Religion news in brief

AP News
Religion news in brief

Police step up mosque patrols after discovery of pig's head

PHILADELPHIA (AP) — Philadelphia police will step up patrols around worship sites as they look for the person who left a severed pig's head outside a city mosque.

Police Commissioner Charles Ramsey says investigators hope to enhance security video that shows someone throwing the animal's head out the passenger door of a red pickup truck. No arrests have been made in the Sunday night incident outside the Al Aqsa Islamic Society in west Philadelphia.

The Quran, the holy book of Islam, prohibits Muslims from eating pork, and pigs have sometimes been used to taunt or offend Muslims.

A caretaker told Philadelphia police that he found the head near the door of the mosque when he arrived for work Monday morning. A day later, Mayor Michael Nutter pledged a $2,000 reward for information leading to a conviction in any hate crime case.


GUANTANAMO BAY NAVAL BASE, Cuba (AP) — A U.S. Army officer has defended her decision to use female guards at Guantanamo Bay's top-secret Camp 7, where Muslim prisoners say contact with unrelated women violates their religion.

The officer told a court at the base in Cuba that she started to use women to transport prisoners in 2014 due to a shortage of guards. She said that a Muslim cultural adviser said it would be OK because guards were touching male prisoners as part of their duties.

The officer's name was not disclosed as she testified in a pretrial hearing for five men charged in the Sept. 11 attacks. Defense lawyers say the prisoners won't attend legal meetings to avoid being handled by women. A judge has issued a temporary ban the military is seeking to lift.


VATICAN CITY (AP) — Pope Francis has pushed open the great bronze doors of St. Peter's Basilica to launch his Holy Year of Mercy, declaring that mercy trumps moralizing in his Catholic Church.

Francis stood in prayer on the threshold of the basilica's Holy Door and then walked through it, the first of an estimated 10 million faithful who will pass through over the course of the next year in a rite of pilgrimage dating back centuries.

A thin and frail Emeritus Pope Benedict XVI walked through the doorway right after Francis. It was a rare outing for the 88-year-old Benedict, whose historic resignation led to Francis' election and a papacy dedicated to showing the merciful side of the church.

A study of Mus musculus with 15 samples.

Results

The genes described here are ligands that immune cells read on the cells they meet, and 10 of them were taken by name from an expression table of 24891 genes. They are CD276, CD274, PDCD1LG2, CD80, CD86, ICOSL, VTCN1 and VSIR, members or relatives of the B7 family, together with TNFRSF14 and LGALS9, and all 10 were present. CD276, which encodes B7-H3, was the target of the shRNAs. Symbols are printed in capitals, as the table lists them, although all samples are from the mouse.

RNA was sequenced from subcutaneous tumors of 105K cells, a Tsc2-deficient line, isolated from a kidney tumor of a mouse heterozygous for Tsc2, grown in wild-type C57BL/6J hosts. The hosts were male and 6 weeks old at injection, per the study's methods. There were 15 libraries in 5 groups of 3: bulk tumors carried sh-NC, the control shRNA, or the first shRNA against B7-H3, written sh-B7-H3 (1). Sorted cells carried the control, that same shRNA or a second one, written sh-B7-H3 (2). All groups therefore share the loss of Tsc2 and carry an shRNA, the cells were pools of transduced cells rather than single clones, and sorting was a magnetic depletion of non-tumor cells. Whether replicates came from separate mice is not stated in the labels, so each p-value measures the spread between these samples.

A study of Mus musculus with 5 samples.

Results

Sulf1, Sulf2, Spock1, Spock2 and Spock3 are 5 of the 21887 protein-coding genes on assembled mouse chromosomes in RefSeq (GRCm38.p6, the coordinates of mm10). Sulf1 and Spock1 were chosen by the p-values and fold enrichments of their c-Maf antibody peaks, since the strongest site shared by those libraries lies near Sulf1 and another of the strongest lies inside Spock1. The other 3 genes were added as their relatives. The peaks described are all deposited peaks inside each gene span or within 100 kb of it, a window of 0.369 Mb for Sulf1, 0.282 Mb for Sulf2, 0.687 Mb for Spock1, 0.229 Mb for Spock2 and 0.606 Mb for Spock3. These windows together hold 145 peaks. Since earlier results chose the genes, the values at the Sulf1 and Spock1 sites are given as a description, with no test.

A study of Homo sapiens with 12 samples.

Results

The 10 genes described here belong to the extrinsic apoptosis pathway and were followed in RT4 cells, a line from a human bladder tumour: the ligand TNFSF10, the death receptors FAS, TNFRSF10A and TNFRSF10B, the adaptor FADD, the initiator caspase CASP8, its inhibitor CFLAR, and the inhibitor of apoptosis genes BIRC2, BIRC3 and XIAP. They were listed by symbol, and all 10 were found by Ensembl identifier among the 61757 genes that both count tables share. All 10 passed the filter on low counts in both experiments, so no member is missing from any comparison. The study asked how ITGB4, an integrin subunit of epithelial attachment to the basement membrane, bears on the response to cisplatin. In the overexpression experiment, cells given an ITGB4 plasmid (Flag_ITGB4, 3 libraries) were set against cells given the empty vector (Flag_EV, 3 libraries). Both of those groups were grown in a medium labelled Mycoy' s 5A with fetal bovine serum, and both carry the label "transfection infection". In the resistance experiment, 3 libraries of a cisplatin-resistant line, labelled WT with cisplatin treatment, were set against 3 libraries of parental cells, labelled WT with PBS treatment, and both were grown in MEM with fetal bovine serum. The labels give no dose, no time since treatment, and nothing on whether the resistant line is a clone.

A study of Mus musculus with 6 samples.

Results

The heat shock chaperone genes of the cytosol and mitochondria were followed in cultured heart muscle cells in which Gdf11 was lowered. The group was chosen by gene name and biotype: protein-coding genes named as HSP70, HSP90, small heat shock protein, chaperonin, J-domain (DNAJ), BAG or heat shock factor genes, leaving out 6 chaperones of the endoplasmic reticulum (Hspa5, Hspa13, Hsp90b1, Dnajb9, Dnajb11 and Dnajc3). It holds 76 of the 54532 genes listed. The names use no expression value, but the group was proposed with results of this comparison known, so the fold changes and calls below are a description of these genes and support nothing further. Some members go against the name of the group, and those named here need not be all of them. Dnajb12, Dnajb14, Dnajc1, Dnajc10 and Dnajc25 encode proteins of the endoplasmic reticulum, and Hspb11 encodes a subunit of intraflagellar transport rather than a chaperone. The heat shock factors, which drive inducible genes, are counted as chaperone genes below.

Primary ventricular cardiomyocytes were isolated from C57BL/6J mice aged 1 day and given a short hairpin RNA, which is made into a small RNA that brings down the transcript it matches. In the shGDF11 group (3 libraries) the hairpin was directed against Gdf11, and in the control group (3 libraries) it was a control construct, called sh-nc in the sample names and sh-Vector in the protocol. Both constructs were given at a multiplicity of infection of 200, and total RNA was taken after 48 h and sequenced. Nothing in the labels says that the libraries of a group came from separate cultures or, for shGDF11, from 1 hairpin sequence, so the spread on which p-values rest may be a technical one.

Some 5,000 extra police and soldiers have been deployed around Rome to protect the pilgrims flocking to Rome to participate in the yearlong celebration.

Security was heightened after the Vatican was listed as a possible target following the Paris attacks.


TAHLEQUAH, Okla. (AP) — The Cherokee Nation is for the first time publishing a red letter edition of the New Testament in the Cherokee language.

The tribe announced Tuesday that its language program translated and published the Bible and sought to correct translation errors made by missionaries to the Cherokee Nation in the 1860s.

The red letter edition includes the words of Jesus printed in red lettering and is the first time the Cherokee language Bible has included the lettering.

Plans for an official Cherokee Nation published Old Testament are also in the works. The complete Old Testament has never been fully translated into Cherokee.

Some of the first copies of the New Testament have been presented to local Cherokee ministers in Tahlequah, Oklahoma, and are to be available soon to the public.


SUWANEE, Ga. (AP) — A Georgia girl is helping thousands of poor children overseas receive Christmas presents this year.

Nine-year-old Jordyn McNeal used social media to collect 38,000 toys and toiletries that she and her family packed into more than 5,000 shoeboxes for distribution by the Christian charity Samaritan's Purse.

The fourth-grader says, "It's been really hard but really fun."

The charity led by the Rev. Franklin Graham is sending an estimated 8-million shoeboxes to children in more than 100 countries this Christmas season.

Samaritan's Purse regional director Phil Barks says, "This is an opportunity to provide them with a simple gift to let them know someone cares."